Protesters block an entrance to the Oakland police department headquarters during a demonstration over recent grand jury decisions in police-involved deaths on December 15, 2014 in Oakland, California. Over 200 hundred protesters blocked entrances to the Oakland police department and adjacent streets during a demonstration against recent grand jury decisions in New York and Missouri to not charge white police officers with the deaths of black men. Dozens were arrested. (Justin Sullivan/Getty Images)
Protesters block an entrance to the Oakland police department headquarters during a demonstration over recent grand jury decisions in police-involved deaths on December 15, 2014 in Oakland, California. Over 200 hundred protesters blocked entrances to the Oakland police department and adjacent streets during a demonstration against recent grand jury decisions in New York and Missouri to not charge white police officers with the deaths of black men. Dozens were arrested. (Justin Sullivan/Getty Images)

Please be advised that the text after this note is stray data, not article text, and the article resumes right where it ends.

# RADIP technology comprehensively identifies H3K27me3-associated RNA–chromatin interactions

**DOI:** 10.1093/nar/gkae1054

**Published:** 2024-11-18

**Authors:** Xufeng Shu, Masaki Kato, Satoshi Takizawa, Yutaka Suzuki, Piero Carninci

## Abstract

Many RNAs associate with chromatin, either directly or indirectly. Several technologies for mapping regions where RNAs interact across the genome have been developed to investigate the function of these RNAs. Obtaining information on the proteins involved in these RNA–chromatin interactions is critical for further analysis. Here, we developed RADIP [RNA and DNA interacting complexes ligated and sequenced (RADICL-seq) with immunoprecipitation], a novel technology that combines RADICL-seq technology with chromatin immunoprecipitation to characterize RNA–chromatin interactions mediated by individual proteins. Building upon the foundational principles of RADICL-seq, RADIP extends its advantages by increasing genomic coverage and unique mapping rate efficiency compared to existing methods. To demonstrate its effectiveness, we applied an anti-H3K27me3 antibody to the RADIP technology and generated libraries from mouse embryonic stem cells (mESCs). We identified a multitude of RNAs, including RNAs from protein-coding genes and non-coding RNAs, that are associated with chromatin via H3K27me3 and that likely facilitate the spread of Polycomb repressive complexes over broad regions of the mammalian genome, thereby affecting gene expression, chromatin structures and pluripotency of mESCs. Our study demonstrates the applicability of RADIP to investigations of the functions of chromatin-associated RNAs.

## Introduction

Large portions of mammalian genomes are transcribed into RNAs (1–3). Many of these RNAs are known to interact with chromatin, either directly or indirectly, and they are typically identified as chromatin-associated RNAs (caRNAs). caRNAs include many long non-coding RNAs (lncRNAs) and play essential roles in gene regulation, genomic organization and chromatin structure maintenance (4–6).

Oakland, California’s police department has long had a reputation as one of America’s most violent, but the OPD is attempting to create a new era of peace.

The department gained notoriety for a series of beatings and false arrests in the early 2000s, and for its brutal response to the 2011 Occupy protests. But this winter, mass demonstrations for Michael Brown and Eric Garner were met by the OPD with a surprising level of restraint.

A new mayor, police chief and the extended usage of lapel cameras have improved relations between the police and Oakland citizens. Attorney Jim Chanin speaks with Here & Now’s Robin Young how the department is becoming less violent.